In January of this year, 2012, I went to Belgium with my mom to celebrate my 17th birthday. This trip really changed my life. We only went for three short days, but in those three days I experienced things that really changed me as a person. We arrived and went to our hotel in downtown Brussels on the first day. We walked around downtown and got to eat REAL Belgian waffles…and let me tell you, they make American waffles seem like nothing. It was covered in Belgian chocolate, another thing Belgium is famous for. We went around to all of the chocolate shops and tried all of the different types and flavors, it was so delcious! All of the people who worked in the shops and even the guy who worked in the hotel lobby were so incredibly friendly, it was amazing.
â–º QUARTER FINALIST 2012 TEEN TRAVEL WRITING SCHOLARSHIP
It was really eye opening so see how welcoming people can be. The guy at the hotel even told us all of the good stuff to go see! The next day we took a train to Brugge, a town outside of Brussels, which he recommended. Brugge was very beautiful. It had canals like Venice but had that Belgian feel. Later on that day we took the train back to Brussels and went to see the Atomium at night, which was so amazing since it was all lit up and sparkling.
We saw many different sights in Belgium, but I think the thing that I really felt there that made me fall in love with it so much was the people. There is something so breathtaking and promising in a lifestyle where people aren't afraid to interact with eachother. This is so very different from America where people tend to usually stay to themselves, and I had never really experienced that before. There is just such comfort in such a place where you know almost anyone you meet will be so open to you, expecially when you don't know much of their language. Considering I don't know much French, everyone was so patient and still willing to help us get where we needed to go. I met a few people that were so nice to me that still, after six months of being there, stay in my mind as some of the most wonderful people I ever met on a international trip. And to be able to say that and to remember that will always stay with me.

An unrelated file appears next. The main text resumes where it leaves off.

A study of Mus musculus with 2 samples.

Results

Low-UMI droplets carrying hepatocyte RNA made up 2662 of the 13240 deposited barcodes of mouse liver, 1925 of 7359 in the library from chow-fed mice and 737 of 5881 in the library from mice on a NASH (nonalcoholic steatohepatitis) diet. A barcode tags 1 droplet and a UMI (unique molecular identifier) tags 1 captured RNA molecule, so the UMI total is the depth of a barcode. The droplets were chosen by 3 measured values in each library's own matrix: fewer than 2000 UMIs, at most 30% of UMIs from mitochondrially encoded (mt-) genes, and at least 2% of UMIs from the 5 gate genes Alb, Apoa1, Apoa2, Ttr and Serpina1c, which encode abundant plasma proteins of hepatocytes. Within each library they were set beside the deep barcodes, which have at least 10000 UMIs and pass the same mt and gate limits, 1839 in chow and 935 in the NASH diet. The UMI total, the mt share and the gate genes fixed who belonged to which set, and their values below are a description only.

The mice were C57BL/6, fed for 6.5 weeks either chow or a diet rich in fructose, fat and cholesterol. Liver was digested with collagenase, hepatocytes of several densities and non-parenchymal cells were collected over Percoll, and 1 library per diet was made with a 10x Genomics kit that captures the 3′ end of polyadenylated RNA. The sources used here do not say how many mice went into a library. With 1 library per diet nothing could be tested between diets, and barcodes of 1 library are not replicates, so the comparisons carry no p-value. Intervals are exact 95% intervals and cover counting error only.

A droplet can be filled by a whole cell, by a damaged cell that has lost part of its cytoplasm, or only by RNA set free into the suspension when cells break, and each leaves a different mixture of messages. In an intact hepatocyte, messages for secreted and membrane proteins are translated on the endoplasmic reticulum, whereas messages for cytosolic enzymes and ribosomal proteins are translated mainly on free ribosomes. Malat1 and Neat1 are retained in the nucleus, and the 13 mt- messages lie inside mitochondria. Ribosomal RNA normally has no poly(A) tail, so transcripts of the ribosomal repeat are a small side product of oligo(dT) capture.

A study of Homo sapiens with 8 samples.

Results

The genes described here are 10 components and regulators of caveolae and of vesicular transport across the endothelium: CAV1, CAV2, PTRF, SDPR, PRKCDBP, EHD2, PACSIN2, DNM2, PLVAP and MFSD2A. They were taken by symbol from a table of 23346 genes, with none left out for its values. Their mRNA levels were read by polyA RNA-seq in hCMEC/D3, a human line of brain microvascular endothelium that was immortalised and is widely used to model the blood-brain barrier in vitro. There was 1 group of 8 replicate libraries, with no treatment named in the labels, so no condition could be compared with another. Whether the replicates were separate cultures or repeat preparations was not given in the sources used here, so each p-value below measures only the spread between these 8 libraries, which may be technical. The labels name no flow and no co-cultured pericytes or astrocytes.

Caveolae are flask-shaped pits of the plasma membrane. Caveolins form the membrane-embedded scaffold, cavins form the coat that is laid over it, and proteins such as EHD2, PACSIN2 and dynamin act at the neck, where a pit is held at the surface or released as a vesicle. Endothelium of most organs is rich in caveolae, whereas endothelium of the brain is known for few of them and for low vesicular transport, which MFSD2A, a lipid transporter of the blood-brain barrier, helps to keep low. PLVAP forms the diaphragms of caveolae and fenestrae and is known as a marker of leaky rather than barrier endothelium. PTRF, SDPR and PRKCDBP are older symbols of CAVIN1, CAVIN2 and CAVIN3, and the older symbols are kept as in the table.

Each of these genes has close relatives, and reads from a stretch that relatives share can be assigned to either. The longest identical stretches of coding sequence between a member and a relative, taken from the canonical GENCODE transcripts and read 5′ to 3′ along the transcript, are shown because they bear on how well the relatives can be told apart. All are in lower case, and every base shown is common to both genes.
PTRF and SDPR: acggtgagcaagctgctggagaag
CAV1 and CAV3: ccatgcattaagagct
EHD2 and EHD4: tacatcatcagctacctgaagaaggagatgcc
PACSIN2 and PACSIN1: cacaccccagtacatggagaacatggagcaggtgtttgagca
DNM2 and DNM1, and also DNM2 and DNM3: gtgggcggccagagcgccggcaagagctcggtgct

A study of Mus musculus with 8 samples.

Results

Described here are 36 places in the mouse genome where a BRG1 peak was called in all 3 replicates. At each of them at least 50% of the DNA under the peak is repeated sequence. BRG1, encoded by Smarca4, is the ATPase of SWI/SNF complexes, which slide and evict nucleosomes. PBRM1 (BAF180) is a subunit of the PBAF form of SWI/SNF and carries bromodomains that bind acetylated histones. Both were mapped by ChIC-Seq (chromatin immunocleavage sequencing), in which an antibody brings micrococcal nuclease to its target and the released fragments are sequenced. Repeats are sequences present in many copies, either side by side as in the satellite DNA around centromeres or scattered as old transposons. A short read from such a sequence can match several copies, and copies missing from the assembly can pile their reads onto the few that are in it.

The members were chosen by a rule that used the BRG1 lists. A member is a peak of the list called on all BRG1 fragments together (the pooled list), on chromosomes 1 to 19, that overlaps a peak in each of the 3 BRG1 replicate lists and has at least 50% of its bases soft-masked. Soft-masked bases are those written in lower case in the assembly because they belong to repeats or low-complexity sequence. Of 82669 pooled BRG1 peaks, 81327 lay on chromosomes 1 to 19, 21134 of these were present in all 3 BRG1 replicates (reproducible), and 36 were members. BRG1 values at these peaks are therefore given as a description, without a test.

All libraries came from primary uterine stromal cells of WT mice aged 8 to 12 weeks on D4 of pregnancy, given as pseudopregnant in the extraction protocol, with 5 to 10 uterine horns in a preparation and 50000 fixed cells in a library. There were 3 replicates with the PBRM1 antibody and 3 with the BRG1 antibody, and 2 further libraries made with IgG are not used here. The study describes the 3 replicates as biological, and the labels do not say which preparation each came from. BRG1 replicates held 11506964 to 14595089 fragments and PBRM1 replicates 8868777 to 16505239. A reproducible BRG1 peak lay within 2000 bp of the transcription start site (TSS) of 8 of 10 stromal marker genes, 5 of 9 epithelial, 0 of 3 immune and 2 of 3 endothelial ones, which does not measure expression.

To be honest, when I found out that the place we were going was Belgium I was happy of course, because how many people get to travel places to celebrate their birthday? But on the other hand, I really didn't think it would have that much to offer. I hadn't ever read or heard much about it, and I didn't know what to expect. I was extremely shocked at what I found once we arrived. I remember the night before we left, we went to a french fry shop in downtown Brussels because, strange enough, fries are really popular in Belgium. It was late, and this place was just a little hole-in-the-wall type of thing. We walked in and there was one man there that was ahead of us. We ordered our fries and the one man working was joking with us, and the man that had ordered before us told us about how he had lived in New York for his whole life practically and then his job got moved to Belgium, and now that he lives there he goes to that fry shop every week and orders from the man and how they have really gotten to know eachother. And the ten minutes it took us to go in and order food felt like a little peice of Belgium, what it would be like to live there.
I am going to be a senior in high school this coming fall, and going on that trip changed my direction in life and how I handle myself. I have a better appreciation for the world because there is so much more to it than sitting in my room and worrying about my math homework. There are serene and beautiful places out there that are waiting for me to see and people in unexpected little food shops and people walking down the street that will change my life forever. After two days that I thought would have no impact, I came home and felt the need to go back. I wanted the comfort that came along with the cobblestone streets and the underground trains and I yearned for one more conversation with each of those people I met, and I was so far away but it felt like I had left home, not arrived home. On the long plane ride home over the Atlantic Ocean, I dreamt of how in a year I could travel abroad and live in Belgium. Maybe in those apartments I saw across the street or maybe in a house out in the country. Of how I could walk the city and try to find those people I met that I want so badly to get to know and meet other kids my age and travel Europe. That's what I want in life. I want to get to know French and talk to the locals in their first tongue, and I want to experience the world. I think the most important thing someone of any age could ever do is travel. No matter how old you are, it will change you.